Day in day out for the last seven years I’ve been churning out only the finest in food puns, celebrity impressions, and sex humor, and yet again I’ve been passed over for a MacArthur Genius Grant, the MacArthur Foundation’s yearly award for “20-40 individuals who show exceptional merit and promise for continued and enhanced creative work and are citizens or residents of the United States.”
Jesus, what do I have to do to please these people, work past 3 pm? I take a little solace in knowing that it’s not as if they gave one to Pete Hammond, or someone in Salon’s thinkpiece department. In fact, one of this year’s recipients will be the very deserving documentarian Joshua Oppenheimer (above left, with Look of Silence star Adi Rikun), director of Act Of Killing, probably the best documentary of the last decade. The 39-year-old director, who lives in Copenhagen, will receive the MacArthur award of $650,000 over five years. His Act of Killing follow up, The Look of Silence, is currently making the festival rounds.
In handing him the award, the MacArthur Foundation noted Oppenheimer’s flair for “illuminating the social, psychological, and emotional dimensions of controversial subjects, such as state-sponsored violence, in works that challenge the modern aesthetic of contemporary documentary cinema in both intimacy of focus and visual construct.”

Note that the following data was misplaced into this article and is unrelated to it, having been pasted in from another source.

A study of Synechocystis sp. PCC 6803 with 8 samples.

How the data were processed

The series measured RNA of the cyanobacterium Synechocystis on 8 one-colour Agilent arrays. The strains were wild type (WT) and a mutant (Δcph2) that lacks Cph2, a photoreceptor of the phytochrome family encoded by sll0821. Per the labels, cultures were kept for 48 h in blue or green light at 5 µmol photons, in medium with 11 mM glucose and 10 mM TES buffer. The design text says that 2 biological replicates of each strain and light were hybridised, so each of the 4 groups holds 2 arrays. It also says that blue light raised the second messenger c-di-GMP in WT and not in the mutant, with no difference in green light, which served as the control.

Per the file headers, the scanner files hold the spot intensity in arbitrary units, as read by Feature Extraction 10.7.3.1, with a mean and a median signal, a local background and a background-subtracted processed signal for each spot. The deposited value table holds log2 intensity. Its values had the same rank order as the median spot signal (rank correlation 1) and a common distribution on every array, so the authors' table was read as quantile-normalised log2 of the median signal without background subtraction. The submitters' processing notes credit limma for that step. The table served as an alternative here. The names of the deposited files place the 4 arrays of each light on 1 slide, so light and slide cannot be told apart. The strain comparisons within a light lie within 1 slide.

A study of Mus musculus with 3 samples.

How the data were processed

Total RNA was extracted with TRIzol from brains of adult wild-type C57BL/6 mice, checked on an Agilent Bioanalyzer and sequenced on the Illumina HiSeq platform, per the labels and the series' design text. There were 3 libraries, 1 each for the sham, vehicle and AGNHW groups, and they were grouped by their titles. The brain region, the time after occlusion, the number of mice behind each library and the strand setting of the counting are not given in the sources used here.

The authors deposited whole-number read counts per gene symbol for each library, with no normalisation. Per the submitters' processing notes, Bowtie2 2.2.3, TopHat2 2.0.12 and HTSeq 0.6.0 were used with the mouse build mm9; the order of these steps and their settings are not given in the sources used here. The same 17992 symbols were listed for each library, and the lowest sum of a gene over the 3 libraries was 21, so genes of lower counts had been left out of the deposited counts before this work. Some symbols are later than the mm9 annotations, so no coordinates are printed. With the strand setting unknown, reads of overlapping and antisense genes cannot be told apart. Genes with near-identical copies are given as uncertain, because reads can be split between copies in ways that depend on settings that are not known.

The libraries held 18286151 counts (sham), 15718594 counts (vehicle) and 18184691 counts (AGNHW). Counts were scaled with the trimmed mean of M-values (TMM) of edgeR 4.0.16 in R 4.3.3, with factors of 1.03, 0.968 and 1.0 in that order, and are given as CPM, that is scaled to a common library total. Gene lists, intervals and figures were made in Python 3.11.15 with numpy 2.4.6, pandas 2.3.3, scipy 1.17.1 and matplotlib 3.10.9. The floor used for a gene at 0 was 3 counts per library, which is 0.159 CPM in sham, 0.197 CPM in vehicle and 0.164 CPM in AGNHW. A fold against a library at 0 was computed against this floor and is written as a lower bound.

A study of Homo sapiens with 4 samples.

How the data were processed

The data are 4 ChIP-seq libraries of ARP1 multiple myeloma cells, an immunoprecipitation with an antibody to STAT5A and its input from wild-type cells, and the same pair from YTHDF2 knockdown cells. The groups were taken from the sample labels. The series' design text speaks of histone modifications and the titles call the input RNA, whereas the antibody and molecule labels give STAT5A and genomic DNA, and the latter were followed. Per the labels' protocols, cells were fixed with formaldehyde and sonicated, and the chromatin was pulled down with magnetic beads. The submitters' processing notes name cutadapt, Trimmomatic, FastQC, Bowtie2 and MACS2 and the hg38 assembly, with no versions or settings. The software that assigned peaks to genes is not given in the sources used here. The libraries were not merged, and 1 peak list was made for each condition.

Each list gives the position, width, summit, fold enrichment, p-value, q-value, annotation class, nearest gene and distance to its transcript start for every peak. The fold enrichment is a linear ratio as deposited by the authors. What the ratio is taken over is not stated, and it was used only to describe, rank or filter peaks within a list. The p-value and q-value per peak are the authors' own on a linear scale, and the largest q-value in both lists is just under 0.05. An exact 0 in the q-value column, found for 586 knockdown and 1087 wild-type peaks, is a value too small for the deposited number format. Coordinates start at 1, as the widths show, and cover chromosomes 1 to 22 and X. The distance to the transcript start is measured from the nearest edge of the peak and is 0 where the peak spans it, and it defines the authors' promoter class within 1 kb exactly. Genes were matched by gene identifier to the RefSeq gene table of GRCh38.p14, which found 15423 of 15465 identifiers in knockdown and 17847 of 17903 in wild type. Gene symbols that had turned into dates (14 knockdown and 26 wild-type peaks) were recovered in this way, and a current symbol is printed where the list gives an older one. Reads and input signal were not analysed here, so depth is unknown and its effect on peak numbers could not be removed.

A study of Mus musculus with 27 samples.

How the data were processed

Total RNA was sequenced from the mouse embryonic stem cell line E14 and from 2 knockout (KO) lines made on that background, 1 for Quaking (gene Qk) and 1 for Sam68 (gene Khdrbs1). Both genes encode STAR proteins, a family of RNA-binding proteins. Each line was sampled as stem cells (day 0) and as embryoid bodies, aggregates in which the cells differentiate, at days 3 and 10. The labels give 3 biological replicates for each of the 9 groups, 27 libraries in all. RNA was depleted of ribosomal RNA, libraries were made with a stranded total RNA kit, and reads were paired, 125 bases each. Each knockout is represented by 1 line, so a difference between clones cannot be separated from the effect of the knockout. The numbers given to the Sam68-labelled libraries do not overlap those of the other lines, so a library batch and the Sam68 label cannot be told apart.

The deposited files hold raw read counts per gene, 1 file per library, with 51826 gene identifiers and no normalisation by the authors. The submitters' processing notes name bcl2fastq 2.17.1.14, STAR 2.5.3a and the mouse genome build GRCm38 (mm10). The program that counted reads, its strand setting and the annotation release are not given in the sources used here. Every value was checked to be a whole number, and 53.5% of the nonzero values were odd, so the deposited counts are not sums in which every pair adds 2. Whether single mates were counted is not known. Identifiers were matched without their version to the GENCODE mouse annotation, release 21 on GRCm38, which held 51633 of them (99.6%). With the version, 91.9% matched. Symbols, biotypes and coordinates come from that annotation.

Oppenheimer is best known for “Killing,” a 10-year project that examines the purge of an estimated 500,000 suspected Communists by the so-called Pancasila Youth paramilitary movement in 1965-66 Indonesia, an event that preceded the long reign of the controversial Suharto. [LA Times]
Oppenheimer told me when I interviewed him that he had interviewed 40 other former paramilitary members before finding his perfect protagonist, Anwar Congo. Which I guess is slightly more work for a documentary than, say, showing up to a musical festival and filming it. Pf, whatever, friggin apple polisher.
Another grantee you may have heard of is Alison Bechdel, who in addition to being constantly name-dropped because of “The Bechdel Test,” published a graphic memoir, Fun Home (which is great, seriously) in 2006, which was staged as a play last year and is expected to hit Broadway next April.
The MacArthur Foundation praises Bechdel’s work: “With storytelling that is striking for its conceptual depth and complexity in structure as well as for the deft use of allusion and reference, Bechdel is changing our notions of the contemporary memoir and expanding the expressive potential of the graphic form.”
Bechdel said she plans to use some of the MacArthur fellowship money to pay for retirement and get out of debt.
Bechdel’s name is also associated with an idea in film criticism called the “Bechdel Test.” Inspired by one of her comic strips from 1985, the test is as follows: Movies that make the grade have two female characters who speak to each another about something other than a man. [BurlingtonFreePress]
And I’m sure no internet commenters will have sh*tty things to say about this at all.